By Amanda Shore
On Sunday, May 20, 2012, there will be an annular solar eclipse. This happens when the Moon is directly between the Earth and the Sun, but it is too far away to completely cover up our star. This results in the Sun peeking out around the edges of the Moon, leaving a glowing ring, called an annulus, around it. This rare occurrence can be seen in the late evening. Some of the prime spots for viewing are in Utah.
On Saturday, May 19, there is an “Eclipse Extravaganza” at the Cedar City Aquatic Center. This event runs from 11:00 AM until 3:00 PM, and admission is free. There, you can learn from experts how to safely view the eclipse. You can get a map of the area and a pair of Eclipse Glasses. These are almost black sunglasses that will protect your eyes from having to look almost directly at the sun.
If you plan on photographing it, bring a protective eyepiece for your camera so that you do not damage your eyes. A solar filter for your camera is also recommended.
There are activities for everyone at this extravaganza. Several learning stations will be open to educate everyone about the eclipse, phases of the moon, rockets, energy, UV light and more.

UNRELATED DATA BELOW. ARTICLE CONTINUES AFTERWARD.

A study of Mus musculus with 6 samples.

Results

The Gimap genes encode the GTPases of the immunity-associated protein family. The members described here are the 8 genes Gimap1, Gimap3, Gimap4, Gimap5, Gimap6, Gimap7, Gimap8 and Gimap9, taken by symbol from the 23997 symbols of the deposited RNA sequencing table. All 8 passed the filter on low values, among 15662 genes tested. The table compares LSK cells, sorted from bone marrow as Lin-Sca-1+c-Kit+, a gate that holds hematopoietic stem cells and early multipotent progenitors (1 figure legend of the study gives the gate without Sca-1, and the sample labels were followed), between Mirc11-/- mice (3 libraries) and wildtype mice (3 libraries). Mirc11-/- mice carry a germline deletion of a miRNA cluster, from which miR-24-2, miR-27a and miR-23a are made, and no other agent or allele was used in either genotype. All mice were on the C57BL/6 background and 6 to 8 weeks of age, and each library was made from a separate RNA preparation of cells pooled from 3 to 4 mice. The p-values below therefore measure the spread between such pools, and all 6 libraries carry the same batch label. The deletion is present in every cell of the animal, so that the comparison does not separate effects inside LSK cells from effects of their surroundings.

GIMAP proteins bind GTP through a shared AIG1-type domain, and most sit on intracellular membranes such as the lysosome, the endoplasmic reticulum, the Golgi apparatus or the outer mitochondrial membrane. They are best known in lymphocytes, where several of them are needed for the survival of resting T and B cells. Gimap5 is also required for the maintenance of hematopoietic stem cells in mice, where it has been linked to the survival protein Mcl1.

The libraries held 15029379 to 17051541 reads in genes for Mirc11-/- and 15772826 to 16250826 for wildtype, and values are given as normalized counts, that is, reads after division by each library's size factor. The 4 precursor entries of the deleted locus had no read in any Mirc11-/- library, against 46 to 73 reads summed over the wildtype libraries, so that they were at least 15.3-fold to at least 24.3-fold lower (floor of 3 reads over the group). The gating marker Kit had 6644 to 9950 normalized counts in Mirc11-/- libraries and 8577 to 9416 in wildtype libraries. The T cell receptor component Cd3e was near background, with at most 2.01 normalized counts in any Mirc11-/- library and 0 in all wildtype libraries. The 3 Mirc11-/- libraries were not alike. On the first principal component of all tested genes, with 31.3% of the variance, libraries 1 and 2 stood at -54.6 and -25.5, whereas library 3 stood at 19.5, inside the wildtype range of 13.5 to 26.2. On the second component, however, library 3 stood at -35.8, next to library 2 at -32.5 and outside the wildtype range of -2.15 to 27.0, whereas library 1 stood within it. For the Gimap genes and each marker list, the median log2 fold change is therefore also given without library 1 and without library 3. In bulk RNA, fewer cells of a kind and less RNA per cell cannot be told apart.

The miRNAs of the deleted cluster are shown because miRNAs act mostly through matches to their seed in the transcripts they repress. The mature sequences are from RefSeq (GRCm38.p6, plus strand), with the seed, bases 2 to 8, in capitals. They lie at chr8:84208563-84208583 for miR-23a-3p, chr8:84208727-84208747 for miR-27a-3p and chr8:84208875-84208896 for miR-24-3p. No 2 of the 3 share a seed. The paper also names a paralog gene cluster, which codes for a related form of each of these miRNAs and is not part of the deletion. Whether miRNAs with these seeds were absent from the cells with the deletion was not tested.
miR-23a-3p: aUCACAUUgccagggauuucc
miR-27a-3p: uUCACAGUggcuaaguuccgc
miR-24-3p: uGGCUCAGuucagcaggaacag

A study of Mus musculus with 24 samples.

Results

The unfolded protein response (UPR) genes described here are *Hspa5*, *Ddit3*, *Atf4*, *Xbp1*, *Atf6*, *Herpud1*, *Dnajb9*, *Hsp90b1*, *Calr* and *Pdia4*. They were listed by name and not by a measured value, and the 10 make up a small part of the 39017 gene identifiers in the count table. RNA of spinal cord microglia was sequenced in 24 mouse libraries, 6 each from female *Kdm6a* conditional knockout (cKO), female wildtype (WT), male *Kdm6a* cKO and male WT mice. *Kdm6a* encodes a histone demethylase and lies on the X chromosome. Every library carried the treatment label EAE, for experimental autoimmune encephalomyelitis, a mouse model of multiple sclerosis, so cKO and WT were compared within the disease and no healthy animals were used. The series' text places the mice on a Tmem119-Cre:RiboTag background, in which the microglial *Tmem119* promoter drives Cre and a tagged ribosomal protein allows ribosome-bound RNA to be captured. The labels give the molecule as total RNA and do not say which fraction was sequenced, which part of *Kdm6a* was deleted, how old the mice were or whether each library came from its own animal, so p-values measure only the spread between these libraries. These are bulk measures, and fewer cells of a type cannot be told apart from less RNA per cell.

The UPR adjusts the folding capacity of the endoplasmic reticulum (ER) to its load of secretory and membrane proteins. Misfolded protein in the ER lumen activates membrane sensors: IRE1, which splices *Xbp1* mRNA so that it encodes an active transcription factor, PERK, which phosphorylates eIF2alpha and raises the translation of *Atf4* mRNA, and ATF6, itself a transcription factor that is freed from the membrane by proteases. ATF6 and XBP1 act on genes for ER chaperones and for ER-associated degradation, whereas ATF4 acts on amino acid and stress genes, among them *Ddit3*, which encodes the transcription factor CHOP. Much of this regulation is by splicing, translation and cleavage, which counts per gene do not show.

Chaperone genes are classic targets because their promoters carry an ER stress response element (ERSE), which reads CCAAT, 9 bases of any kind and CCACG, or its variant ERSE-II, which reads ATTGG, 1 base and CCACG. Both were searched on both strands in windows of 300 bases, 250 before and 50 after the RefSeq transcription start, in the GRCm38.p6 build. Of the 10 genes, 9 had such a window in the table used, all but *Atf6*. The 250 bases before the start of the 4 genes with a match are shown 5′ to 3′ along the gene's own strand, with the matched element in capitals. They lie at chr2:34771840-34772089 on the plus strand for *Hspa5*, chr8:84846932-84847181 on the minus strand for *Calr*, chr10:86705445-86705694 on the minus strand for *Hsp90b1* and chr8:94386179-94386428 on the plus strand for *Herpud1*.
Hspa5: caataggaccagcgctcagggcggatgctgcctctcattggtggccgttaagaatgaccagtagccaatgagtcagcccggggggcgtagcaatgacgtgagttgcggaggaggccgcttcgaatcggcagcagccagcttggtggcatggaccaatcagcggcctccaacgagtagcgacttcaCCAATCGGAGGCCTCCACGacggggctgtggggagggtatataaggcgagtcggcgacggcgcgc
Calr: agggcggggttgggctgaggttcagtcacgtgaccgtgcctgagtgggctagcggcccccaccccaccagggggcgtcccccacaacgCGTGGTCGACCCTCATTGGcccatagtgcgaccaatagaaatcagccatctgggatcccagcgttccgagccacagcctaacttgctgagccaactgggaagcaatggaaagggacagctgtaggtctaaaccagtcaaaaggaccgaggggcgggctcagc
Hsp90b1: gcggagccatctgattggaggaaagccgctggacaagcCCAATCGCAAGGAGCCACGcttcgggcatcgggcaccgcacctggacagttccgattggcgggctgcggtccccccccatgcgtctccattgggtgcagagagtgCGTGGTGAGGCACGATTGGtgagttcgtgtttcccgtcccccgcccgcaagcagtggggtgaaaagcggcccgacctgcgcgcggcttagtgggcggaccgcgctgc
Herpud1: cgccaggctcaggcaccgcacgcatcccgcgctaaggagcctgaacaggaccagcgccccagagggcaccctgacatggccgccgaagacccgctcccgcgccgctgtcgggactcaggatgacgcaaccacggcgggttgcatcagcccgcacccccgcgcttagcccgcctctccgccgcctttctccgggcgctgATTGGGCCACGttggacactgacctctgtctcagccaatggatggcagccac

At 7:30 PM, there will be a concert in Kanarraville with Doug Haywood and Karyn Whittemore. Tickets will be sold at the gate for $12.
All of that is in preparation for the annular solar eclipse on Sunday, May 20. NASA has stated that Spring Creek Road in Kanarraville, Utah, is the best spot to view this noteworthy occasion. An estimated 5,000 people are expected to be there, so save your spot early!
There will be vendors and facilities available. Food, drinks, arts and crafts and memorabilia will be sold. Remember to book a hotel since camping is not allowed.
If you want to view the eclipse away from the crowd, there are several other recommended viewing locations throughout Iron County. Maps are available at the Visitor Center at 581 N. Main Street, Cedar City, UT 84721.